The term “nervous breakdown” is sometimes used by people to describe a stressful situation in which they’re temporarily unable to function normally in day-to-day life. It’s commonly understood to occur when life’s demands become physically and emotionally overwhelming.
What happens when you have a nervous breakdown?
Symptoms of a nervous breakdown include feelings of worry, nervousness, fear, anxiety, or stress. They can also include sweating, crying, fast thinking, muscle tension, trembling, shortness of breath, rapid heartbeat, dizziness, nausea, irritability, and insomnia.
What qualifies as a mental breakdown?
A nervous breakdown (also called a mental breakdown) is a term that describes a period of extreme mental or emotional stress. The stress is so great that the person is unable to perform normal day-to-day activities.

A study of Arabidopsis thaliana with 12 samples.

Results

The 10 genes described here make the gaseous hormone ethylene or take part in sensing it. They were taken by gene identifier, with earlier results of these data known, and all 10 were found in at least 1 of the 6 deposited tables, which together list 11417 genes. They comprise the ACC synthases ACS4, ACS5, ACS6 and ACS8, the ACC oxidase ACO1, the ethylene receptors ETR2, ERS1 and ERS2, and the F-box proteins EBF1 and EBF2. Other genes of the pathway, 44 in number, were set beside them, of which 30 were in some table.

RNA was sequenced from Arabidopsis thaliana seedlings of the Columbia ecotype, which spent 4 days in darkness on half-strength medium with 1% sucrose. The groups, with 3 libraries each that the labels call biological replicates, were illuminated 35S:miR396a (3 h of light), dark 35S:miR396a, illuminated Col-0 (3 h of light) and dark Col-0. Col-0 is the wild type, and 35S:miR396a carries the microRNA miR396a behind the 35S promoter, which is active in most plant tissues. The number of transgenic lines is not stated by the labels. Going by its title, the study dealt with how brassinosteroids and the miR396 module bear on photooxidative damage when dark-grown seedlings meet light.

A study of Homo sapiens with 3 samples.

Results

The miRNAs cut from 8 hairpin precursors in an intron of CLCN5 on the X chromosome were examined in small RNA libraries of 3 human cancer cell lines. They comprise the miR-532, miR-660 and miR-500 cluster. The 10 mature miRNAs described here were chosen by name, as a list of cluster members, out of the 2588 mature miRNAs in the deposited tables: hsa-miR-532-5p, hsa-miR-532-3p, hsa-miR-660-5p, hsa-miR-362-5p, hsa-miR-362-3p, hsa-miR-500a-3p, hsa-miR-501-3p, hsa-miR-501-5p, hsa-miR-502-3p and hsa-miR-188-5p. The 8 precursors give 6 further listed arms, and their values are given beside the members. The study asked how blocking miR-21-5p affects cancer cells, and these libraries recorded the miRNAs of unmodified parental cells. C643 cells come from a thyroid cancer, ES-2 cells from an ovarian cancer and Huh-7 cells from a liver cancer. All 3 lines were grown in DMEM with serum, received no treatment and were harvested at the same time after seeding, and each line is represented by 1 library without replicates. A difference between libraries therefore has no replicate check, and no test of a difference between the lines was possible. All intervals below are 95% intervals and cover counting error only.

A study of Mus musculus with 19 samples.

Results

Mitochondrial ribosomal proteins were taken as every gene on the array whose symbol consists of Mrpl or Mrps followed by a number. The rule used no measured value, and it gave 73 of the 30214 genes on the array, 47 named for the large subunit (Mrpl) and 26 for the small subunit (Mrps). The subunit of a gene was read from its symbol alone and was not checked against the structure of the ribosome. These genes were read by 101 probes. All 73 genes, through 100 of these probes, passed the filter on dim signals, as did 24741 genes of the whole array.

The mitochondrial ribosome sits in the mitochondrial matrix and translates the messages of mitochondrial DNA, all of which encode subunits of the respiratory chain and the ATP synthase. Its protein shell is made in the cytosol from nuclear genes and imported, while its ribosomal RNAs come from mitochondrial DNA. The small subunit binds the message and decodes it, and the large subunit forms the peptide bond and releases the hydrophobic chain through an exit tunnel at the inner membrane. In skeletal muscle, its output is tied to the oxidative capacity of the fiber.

How do you know you’re having a breakdown?
feel unable to concentrate — difficulty focusing at work, and being easily distracted. be moody — feeling low or depression; feeling burnt out; emotional outbursts of uncontrollable anger, fear, helplessness or crying. feel depersonalised — not feeling like themselves or feeling detached from situations.
What is an example of a mental breakdown?
Some of these include sadness, worry, intense stress, changes in eating and sleeping habits, wanting to withdraw from friends and family, and feeling overwhelmed. It is crucial to identify and seek professional help to gain an understanding of what is causing or contributing to these feelings of mental distress.
Do you ever fully recover from a nervous breakdown?
Following a nervous breakdown, a full recovery is possible. While not a medical term, people use this expression when referring to someone who is being overwhelmed by mental health issues. Treatment may include medicines and therapy, depending on the situation, the diagnosis, and the patient’s wishes.